How to Apply for Multiple Jobs at One Company

If your application looks scattershot, then you need to explain your broad career interests.


A reader writes:

There is a community development organization I really want to work for because it seems to fit my personality very well; they share an appreciation for community outreach, planning policy, and youth. However, I am interested in two job openings. The fi rst position is within the field of my professional degree, but I might be under q ualified with my years of experience. The second position is working with youth, which I have volunteer experience in but might [face] grueling competition in this economy. Is there a way to apply for both? Or do I have to choose? If I must choose, which one would you suggest?

You can apply for both, but you need to be careful about how you do it.

The danger in applying for multiple jobs at the same organization is that you can come across as unfocused or naive about what you're well suited for. Here's an example: I'm currently hiring for a wide range of positions—and I mean a wide range—everything from an executive assistant to the director of an entire state organization, with lots of variety in between, like a job working with celebrities, a job working with college kids, and so forth. I've had applicants say they're applying for the director job and the executive assistant job (hedging their bets, I guess), as well as applicants who just say, "Consider me for all your openings."

These jobs have very different responsibilities and very different qualifications. On the off chance that one of these applicants is really the Renaissance man or woman who could do it all, they need to make the case for it, meaning that their cover letter needs to acknowledge that these are very different jobs, explain why they're qualified for any of them despite that, and—this is crucial—offer a convincing explanation of why they're being so scattershot in their approach. Maybe the explanation is that they really want to work for us, in particular. Maybe it's that their dreams have always competed among these areas. Who knows? But minus this explanation, it's going to look like they're either wildly naive or just applying for every job they see and hoping something will stick. (That's not attractive in job seekers; it's the job-hunting equivalent of the guy in the bar who hits on every woman there, figuring eventually the odds will pay off and someone will go home with him.)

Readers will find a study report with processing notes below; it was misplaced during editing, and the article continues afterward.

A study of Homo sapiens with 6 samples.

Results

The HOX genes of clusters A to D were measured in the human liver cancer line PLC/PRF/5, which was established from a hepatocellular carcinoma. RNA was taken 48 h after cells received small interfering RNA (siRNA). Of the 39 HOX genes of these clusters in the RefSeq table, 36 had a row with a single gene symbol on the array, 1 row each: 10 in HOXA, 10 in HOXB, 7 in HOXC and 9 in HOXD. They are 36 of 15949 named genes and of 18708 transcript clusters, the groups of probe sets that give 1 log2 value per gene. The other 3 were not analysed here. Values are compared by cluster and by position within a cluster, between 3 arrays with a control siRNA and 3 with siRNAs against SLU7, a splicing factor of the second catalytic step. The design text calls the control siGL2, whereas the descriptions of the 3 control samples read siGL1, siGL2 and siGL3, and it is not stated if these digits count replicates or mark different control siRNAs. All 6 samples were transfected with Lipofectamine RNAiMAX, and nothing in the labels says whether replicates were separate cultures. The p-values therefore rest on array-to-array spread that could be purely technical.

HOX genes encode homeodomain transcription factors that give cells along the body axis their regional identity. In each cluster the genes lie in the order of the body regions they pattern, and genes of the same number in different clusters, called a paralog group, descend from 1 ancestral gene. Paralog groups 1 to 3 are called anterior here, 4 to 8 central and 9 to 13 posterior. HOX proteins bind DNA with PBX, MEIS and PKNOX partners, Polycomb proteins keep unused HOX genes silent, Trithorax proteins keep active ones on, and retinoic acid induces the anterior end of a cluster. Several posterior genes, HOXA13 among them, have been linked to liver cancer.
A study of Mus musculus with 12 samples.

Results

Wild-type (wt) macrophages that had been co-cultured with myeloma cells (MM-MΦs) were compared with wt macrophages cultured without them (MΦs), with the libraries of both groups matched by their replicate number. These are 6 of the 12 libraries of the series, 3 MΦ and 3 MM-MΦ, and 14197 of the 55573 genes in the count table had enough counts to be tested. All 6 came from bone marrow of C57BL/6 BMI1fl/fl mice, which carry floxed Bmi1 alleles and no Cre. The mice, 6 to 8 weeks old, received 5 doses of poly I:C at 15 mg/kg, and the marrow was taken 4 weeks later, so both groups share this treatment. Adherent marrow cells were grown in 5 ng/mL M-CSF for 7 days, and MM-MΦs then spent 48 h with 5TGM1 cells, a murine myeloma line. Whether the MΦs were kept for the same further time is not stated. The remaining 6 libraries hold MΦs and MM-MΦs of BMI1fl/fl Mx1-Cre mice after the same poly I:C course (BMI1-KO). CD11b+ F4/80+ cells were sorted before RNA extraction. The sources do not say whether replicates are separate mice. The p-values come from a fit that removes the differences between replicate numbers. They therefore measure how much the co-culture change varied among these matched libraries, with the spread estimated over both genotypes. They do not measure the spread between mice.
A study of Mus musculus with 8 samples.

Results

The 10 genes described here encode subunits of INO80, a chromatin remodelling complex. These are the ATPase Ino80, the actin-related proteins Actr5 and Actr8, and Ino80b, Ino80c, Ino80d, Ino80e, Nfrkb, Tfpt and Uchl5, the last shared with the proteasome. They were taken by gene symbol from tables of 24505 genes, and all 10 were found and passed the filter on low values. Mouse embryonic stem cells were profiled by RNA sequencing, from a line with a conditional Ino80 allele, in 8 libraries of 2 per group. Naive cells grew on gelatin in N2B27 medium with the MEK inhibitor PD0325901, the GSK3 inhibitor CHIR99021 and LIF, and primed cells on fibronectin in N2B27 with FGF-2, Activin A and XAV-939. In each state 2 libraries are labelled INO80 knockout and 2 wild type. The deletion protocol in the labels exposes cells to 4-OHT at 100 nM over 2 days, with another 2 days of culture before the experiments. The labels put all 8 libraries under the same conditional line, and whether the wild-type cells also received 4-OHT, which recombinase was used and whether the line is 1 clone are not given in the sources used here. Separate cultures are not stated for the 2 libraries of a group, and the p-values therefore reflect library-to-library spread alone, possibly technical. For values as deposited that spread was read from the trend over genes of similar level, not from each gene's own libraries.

So, back to you. If you're interested in both, apply for both—but use your cover letter to provide context that will make sense to the hiring manager.

Alison Green is chief of staff for a medium-size d nonprofit where she oversees day-to-day management of the staff as well as hiring, firing, and staff development. She is working with the Management Center to coauthor a book on nonprofit management. Her writings have been published in the Washington Post , the New York Times , Maxim , and dozens of other newspapers. She blogs at Ask a Manager.